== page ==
This book is the first legal geography book to explicitly engage in method. It complements this by also bringing together different perspectives on the emerging school of legal geography. It explores humanâenvironment interactions and showcases distinct environmental legal geography scholarship.
Legal Geography: Perspectives and Methods is an innovative book concerned with a new relational and material way of examining our legal-spatial world. With chapters examining natural resource management, Indigenous knowledge and political ecology scholarship, the text introduces legal geographyâs modes of analysis and critique. The book explores topics such as Indigenous environmental rights, the impacts of extractive industries, mediation of climate change, food, animal and plant patents, fossil fuels, mining and coastal environments based on empirical, jurisdictional and methodological insights from Australia, New Zealand and the Asia-Pacific to demonstrate how space and place are invoked in legal processes and contestations, and the methods that may be employed to explore these processes and contestations.
This book examines the role of legal geographies in the 21st century beyond the simple âlaw in actionâ, and it will thus appeal to students of socio-legal studies, human geography, environmental studies, environmental policy, as well as politics and international relations.
Table of Contents
Part 1: Introduction 1. An Australasian and Asia-Pacific approach to legal geography. Tayanah OâDonnell, Daniel F. Robinson and Josephine Gillespie
Part 2: Investigating the legal geographies of Indigenous peoples and local communities and their environments 2. Challenges in legal geography research methodologies in cross-cultural settings. Josephine Gillespie 3. Asserting land rights through technology and democratic expression: the effect of the Indigenous Peoples Alliance of the Archipelago v Indonesia case. Cobi Calyx, Brad Jessup and Mona Sihombing 4. Islam, legal geography and methodological challenges in Indonesia. Christine Schenk 5. Patent landscaping for Vanuatu: specific legal geographic methods for Indigenous knowledge protection and promotion. Daniel F. Robinson, Margaret Raven, Donna Kalfatak, Trinison Tari, Hai-Yuean Tualima and Francis Hickey 6. Consulting the consultators: a Kaupapa MÄori-informed approach to uncovering Indigenous jurisdiction and shifting the research gaze. Maria Bargh and Estair van Wagner
Part 3: Investigating the legal geographies of regulation 7. Inside-outside: an interrogation of coastal climate change adaptation through the gaze of âthe lawyerâ. Tayanah OâDonnell 8. Legal geography â place, time, law and method: the spatial and the archival in âConnection to Countryâ. Lee Godden 9. Comparative legal geography: context and place in âlegal transplantsâ. Liesel Spencer 10. The other is us: conservation, categories and the law. Robyn Bartel 11. Ask an âexpertâ: phenomenology and key informant interviews as a research method in legal geography. Paul McFarland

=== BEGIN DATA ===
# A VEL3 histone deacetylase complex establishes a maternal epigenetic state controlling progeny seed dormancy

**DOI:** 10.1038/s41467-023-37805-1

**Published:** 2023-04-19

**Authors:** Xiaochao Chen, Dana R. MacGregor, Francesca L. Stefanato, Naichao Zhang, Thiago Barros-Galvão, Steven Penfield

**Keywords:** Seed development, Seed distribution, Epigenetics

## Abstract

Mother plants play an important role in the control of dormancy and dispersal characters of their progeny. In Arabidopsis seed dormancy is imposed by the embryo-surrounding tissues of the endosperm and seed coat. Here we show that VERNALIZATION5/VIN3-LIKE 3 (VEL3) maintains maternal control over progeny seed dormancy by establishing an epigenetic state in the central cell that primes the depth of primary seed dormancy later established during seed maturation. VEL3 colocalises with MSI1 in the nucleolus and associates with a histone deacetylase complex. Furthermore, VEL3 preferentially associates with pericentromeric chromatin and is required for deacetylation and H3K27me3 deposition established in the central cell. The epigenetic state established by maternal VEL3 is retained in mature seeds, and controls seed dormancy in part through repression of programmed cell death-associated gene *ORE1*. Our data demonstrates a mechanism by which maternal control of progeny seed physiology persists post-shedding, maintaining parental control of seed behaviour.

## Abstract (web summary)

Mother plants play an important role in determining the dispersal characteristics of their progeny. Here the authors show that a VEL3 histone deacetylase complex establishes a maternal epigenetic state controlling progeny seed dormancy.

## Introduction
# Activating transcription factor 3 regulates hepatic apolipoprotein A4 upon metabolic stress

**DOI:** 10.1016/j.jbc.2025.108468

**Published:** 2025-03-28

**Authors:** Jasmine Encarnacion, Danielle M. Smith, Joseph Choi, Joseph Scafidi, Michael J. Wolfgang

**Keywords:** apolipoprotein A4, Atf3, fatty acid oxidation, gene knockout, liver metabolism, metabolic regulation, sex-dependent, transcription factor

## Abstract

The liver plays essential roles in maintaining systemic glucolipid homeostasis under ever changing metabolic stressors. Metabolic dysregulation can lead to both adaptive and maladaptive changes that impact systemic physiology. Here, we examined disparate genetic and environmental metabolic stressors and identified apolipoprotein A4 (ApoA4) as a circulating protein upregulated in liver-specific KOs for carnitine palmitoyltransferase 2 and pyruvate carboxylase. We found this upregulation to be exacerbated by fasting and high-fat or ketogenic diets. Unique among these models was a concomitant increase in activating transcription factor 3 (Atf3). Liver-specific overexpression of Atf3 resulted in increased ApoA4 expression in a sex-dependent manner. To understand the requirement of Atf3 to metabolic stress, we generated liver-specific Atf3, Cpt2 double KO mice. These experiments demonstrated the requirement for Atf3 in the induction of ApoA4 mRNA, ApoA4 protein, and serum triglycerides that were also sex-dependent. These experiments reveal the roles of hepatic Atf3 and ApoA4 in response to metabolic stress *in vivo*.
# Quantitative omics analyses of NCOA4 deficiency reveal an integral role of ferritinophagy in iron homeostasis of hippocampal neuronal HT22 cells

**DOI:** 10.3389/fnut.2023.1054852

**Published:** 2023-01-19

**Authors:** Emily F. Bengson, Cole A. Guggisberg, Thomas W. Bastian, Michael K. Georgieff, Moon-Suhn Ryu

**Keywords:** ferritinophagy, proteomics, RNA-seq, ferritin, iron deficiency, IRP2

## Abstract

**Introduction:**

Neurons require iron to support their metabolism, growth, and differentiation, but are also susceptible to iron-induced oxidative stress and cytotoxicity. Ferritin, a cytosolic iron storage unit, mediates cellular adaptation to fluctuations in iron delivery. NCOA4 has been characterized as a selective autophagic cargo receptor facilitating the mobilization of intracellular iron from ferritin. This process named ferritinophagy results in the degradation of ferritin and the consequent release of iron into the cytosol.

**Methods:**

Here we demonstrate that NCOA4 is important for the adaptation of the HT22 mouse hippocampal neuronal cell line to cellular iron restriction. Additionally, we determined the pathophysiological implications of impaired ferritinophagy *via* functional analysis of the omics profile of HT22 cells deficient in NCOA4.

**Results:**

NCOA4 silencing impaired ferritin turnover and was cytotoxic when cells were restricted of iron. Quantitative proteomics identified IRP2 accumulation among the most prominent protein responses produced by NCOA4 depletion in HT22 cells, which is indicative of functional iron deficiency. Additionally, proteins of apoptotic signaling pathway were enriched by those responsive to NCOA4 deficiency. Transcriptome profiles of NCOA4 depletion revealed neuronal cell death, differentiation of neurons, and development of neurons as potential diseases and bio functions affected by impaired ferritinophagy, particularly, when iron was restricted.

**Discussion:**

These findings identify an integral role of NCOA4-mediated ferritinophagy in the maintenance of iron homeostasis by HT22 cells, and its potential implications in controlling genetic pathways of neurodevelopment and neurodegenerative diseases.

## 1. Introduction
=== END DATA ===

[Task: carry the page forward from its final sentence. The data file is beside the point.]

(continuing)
Part 4: Investigating the legal geographies of extractive industries 12. Sydneyâs drinking water catchment: a legal geographical analysis of coal mining and water security. Nicole Graham 13. Lawyers in legal geography: parliamentary submissions and coal seam gas in Australia. David J. Turton 14. Energising the law: greening of fossil fuels and the rise of gendered political subjects. Meg Sherval 15. Exploring the production of climate change through the nomosphere of the fossil fuel regime. Lauren Rickards and Connor Jolley
Part 5: In memoriam 16. Space, scale and jurisdiction in health service provision for drug users: the legal geography of a supervised injecting facility. Stewart Williams
Part 6: Conclusion 17. Conclusion: legal geography futures. Tayanah OâDonnell, Daniel F. Robinson and Josephine Gillespie
Tayanah OâDonnell has over ten yearsâ experience focused on the law and the legal geographies of climate change adaptation. Her papers and research cover themes such as property rights, land use planning, climate law, coastal policy and management, and the legal, political and cultural impacts of climate change regulation.
Daniel F. Robinson has more than 15 yearsâ experience focused on the regulation of nature and knowledge. His papers and books cover themes including âbiopiracyâ, access and benefit-sharing relating to biological resources, appropriation and regulation of Indigenous knowledge, Indigenous/customary laws and biocultural protocols, ethical biotrade, political ecology, environmental policy and management.
Josephine Gillespie is an academic, and former lawyer, based at the University of Sydney, Australia. She is an environmental legal geographer interested in the complex intersection of geography and law. Her research investigates environmental protection and humanâenvironment geographies throughout Australia and the Asia-Pacific.